In this shocking exposé on the betrayal of South Vietnam, premier historian Larry Berman uses never-before-seen North Vietnamese documents to create a sweeping indictment against President Nixon and Henry Kissinger.
On April 30, 1975, when U.S. helicopters pulled the last soldiers out of Saigon, the question lingered: Had American and Vietnamese lives been lost in vain? When the city fell shortly thereafter, the answer was clearly yes. The Agreement on Ending the War and Restoring Peace in Vietnam—signed by Henry Kissinger in 1973, and hailed as "peace with honor" by President Nixon—was a travesty.
In No Peace, No Honor, Larry Berman reveals the long-hidden truth in secret documents concerning U.S. negotiations that Kissinger had sealed—negotiations that led to his sharing the Nobel Peace Prize. Based on newly declassified information and a complete North Vietnamese transcription of the talks, Berman offers the real story for the first time, proving that there is only one word for Nixon and Kissinger's actions toward the United States' former ally, and the tens of thousands of soldiers who fought and died: betrayal.
Henry Kissinger shared the Nobel Peace Prize in 1973 with North Vietnam's Le Duc Tho for brokering the peace treaty that ended American participation in the Vietnam War in January of that year. Le Duc Tho declined the prize. Berman's eye-opening book makes a strong case although he does not say so that Kissinger should have turned down the prize as well. Making perceptive use of a large cache of recently declassified American and Vietnamese documents, Berman (of the University of California's Washington, D.C., Center) paints a decidedly negative picture of Kissinger's motives and machinations during the four years he negotiated with the North Vietnamese. Kissinger, Berman writes, "was willing to tell one side one thing and the other the opposite, leaving them to sort things out later." Berman's pioneering research indicates also that President Richard Nixon claimed he achieved "peace with honor" while knowing full well that the terms he agreed to would lead eventually to a North Vietnamese military victory following America's withdrawal. Berman also shows that the North Vietnamese were far from blameless during the negotiating. Their leaders regularly deceived the American negotiators and never planned to live up to the peace terms they signed. Surprisingly, the one group of leaders that comes out relatively unscathed is the notoriously corrupt South Vietnamese regime headed by Nguyen Van Thieu, which wound up agreeing to peace terms dictated by North Vietnam and the United States terms that all but ordained South Vietnam's eventual fall to the Communists in April 1975.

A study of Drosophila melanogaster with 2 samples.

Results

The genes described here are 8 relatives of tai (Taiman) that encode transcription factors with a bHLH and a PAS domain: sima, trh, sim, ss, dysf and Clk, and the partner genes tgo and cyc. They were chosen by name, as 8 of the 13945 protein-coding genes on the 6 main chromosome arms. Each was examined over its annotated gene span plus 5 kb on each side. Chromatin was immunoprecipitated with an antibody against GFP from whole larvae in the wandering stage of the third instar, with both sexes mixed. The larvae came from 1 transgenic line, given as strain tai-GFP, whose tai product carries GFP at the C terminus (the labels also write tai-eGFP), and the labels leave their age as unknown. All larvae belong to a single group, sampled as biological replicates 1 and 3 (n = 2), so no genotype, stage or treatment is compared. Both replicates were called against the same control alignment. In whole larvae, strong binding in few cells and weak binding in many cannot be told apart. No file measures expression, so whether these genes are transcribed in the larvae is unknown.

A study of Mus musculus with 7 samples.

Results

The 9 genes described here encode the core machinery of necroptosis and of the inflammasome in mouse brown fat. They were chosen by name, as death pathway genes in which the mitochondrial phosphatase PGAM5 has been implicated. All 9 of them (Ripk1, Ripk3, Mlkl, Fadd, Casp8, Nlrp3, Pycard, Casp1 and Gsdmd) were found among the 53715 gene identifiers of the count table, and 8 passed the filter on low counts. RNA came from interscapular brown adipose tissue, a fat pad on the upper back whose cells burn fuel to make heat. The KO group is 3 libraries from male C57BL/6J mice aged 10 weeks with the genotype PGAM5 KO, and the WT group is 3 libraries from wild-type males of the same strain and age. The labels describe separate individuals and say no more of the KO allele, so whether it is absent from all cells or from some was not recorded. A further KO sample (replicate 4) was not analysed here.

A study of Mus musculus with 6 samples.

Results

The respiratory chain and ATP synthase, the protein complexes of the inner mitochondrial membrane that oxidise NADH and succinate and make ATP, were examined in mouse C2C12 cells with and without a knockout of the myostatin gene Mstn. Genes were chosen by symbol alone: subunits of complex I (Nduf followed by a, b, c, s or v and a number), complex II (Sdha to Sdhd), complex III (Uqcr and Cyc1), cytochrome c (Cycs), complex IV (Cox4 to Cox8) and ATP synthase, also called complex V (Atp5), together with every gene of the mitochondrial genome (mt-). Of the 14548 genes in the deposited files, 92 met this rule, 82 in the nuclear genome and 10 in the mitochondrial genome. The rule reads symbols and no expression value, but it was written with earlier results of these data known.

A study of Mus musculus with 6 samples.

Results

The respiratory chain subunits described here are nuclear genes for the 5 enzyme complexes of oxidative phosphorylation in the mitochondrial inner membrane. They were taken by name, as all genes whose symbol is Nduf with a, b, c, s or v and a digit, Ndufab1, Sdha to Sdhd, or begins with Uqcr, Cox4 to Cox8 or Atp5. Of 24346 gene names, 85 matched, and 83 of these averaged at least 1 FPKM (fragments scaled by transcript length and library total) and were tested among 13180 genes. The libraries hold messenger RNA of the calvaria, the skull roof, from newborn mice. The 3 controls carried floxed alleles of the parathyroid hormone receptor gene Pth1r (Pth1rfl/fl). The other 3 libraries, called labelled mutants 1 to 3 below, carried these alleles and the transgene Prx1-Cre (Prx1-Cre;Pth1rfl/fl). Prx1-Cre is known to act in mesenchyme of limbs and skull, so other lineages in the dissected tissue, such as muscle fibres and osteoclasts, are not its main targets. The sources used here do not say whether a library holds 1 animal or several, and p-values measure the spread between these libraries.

A compelling update based on the most recent declassifieds
Near the end of the book, there is a section called Notes. Start there to get a quick and impressive overview of the breadth of research ( and the wealth of resources out there ) that went into this work. The Notes section also provides insight into the labyrinthine network of government records one must navigate if one is to have even a glimmer of hope for getting at something like the truth. Even then, there remain areas of this maze that are still denied to us. These dead-ends are also indicated in the Notes section.
Having done that, you can appreciate and enjoy even more this incredible redaction of the events leading up to The U.S.'s claim to have brought peace to Indochina, and in doing so, brought honor home to the U.S.
There are so many aspects -- national and international -- to the Vietnam war, that it would be a monumental challenge I think for any author to maintain her or his focus. Berman does this quite brilliantly, even as he takes the reader through a jungle of nuanced and subtley interconnected material. What impressed me, by way of example, was how Watergate is kept at an appropriate distance even as its significance in this history is explored. What was a kind of distraction (from the processes and promises in the peace treaty and subsequent withdrawal from Vietnam) for America at this time, does not distract the author or his readers now. Consequently, we see the more clearly now what was so easily missed at the time: that America had made promises it could not keep ( to South Vietnam, North Vietnam, and to itself ), and abandoned an ally to a peace that, shamefully, never happened.
A great read, with some provocative and compelling indictments of many of the key figures in this history.